The American Spectator's Philip Klein reports from a meeting of the conservative movement's old Reaganite hands in Virginia.
There's a strong feeling, [Spectator Editor R. Emmet] Tyrrell said, that social conservatives, free market conservatives, and national security conservatives will all be able to work together.
He also said that "there's a sense that the Republicans on Capitol Hill are freer of wobbly-kneed Republicans than they were before the election."
[Spectator Publisher Al] Regnery said, "The consensus was that this was not a mandate for Democrats, that this country is still center-right. The overriding fear was that the Republican Party does not represent conservatives," and there was a desire to get behind genuinely conservative candidates.
Isn't it striking how the two parties react to defeat? In 2004, Democrats agonized about how the loss of "values voters" was a problem they'd have to overcome, that they needed a new Southern governor to win, because that's the only way they'd won since the 1970s. Late in the year Democratic leaders tried to anoint pro-life former Indiana Rep. Tim Roemer as DNC chair on the harebrained theory that this would satisfy Republican voters somehow.
Party leaders say their support for preserving the landmark ruling will not change. But they are looking at ways to soften the hard line, such as promoting adoption and embracing parental notification requirements for minors and bans on late-term abortions. Their thinking reflects a sense among strategists that Democratic presidential nominee John F. Kerry and the party's congressional candidates lost votes because the GOP conveyed a more compelling message on social issues.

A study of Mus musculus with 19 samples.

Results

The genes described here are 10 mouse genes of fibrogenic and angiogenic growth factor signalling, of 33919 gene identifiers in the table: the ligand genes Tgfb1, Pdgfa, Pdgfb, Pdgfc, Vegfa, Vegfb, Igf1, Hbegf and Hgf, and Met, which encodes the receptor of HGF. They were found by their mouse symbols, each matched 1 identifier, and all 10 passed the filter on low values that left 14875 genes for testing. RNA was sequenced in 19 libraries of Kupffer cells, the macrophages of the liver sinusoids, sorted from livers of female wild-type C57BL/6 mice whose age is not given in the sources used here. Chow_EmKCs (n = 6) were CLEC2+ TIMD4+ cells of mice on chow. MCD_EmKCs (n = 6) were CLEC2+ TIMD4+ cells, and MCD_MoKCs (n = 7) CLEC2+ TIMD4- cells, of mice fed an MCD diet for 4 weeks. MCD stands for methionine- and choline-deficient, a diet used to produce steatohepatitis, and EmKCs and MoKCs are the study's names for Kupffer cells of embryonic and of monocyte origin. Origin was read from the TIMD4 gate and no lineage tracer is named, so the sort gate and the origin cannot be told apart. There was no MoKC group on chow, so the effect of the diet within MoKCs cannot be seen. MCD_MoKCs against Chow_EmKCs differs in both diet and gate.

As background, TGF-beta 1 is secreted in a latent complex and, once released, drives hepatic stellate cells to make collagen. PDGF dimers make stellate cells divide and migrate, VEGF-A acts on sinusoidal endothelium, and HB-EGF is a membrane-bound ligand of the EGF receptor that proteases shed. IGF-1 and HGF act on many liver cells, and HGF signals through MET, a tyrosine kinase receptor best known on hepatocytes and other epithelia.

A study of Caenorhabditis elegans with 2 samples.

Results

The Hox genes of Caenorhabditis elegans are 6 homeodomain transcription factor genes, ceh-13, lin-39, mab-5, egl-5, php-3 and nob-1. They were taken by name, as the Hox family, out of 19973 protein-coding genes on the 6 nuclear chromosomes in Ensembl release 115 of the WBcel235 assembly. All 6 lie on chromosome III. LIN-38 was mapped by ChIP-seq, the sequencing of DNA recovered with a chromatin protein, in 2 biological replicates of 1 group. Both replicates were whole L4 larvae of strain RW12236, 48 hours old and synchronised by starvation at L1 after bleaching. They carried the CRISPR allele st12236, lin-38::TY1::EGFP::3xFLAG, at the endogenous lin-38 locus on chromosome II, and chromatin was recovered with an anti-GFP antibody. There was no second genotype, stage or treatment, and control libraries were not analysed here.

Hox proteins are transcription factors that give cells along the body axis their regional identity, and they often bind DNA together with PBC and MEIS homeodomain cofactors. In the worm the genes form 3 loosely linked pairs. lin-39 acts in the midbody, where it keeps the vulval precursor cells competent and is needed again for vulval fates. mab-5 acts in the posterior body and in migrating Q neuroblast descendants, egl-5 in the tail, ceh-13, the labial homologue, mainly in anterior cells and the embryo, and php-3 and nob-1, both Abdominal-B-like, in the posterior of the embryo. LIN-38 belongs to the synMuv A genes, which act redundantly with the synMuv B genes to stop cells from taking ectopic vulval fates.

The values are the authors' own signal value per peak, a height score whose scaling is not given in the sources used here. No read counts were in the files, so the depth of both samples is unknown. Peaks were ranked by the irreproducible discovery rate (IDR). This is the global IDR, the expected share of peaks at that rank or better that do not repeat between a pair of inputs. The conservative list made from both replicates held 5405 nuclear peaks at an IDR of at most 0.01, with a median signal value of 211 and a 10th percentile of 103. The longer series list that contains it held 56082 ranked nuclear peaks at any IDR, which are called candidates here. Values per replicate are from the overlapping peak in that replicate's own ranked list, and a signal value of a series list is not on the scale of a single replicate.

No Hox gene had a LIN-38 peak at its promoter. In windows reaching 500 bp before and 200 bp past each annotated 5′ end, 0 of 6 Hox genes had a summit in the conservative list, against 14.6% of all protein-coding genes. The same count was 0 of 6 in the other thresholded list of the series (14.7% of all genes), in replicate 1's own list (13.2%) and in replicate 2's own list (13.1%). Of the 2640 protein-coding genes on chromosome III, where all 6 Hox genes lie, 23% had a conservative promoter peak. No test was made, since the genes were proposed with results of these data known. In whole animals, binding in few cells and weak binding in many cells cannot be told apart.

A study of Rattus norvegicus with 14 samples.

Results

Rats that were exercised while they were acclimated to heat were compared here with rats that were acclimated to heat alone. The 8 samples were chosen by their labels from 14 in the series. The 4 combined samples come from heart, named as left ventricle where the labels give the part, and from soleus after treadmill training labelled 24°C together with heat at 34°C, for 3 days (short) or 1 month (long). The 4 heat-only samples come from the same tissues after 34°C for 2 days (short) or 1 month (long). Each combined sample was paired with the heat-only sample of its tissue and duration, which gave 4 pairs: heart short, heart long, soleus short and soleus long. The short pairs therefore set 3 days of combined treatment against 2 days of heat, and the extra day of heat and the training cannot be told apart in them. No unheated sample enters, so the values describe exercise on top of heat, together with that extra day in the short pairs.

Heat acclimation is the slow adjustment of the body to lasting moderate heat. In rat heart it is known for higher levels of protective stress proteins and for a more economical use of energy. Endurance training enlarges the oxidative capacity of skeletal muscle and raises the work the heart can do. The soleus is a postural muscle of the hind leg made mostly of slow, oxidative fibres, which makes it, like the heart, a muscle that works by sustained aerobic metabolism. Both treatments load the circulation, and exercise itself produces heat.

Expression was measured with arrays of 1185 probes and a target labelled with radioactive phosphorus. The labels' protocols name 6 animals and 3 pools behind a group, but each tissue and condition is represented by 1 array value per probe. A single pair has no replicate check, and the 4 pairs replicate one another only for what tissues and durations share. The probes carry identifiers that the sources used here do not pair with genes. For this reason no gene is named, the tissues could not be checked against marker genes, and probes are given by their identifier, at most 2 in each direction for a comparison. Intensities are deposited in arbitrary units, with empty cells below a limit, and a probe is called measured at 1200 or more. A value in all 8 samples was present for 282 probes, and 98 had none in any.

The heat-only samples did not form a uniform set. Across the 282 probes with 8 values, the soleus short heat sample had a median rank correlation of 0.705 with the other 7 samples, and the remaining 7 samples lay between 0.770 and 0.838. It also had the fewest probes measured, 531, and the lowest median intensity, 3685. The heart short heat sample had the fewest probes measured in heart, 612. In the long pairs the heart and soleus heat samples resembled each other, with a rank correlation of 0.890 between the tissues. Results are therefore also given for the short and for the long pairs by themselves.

Democrats spent much of the next two years in that box. Phil Bredesen, the conservative Democratic governor of Tennessee who has all the charisma of Stephen Wright at 4 a.m., was looked at as a prospective president because he cut spending and was, uh, from the South.
Flash forward to today, and the Democrats have elected a black senator who was raised in Hawai'i and Indonesia and who was accused by his opponent of being a socialist who befriended terrorists and voted for infanticide. So you can see why conservatives are skipping the "how do we change?" part and going right to hoping that Obama screws up. But this part of Klein's report doesn't make sense to me.
Although polls show that "conservative" is a more popular word than "Republican," it turns out that "Democrat" is a more popular description than "liberal," and the sentiment was that tougher language needed to be used to define Barack Obama and other Democrats as liberals.
Tougher? How about "socialist?" Oh, wait.
Language used to work for Republicans. Indeed, one of the more mockable exercises that Democrats tried from December 2004 to November 2006 was "reframing" their policies, because they were so in awe of how Republicans had popularized terms like "death tax" and made "liberal" a curse word.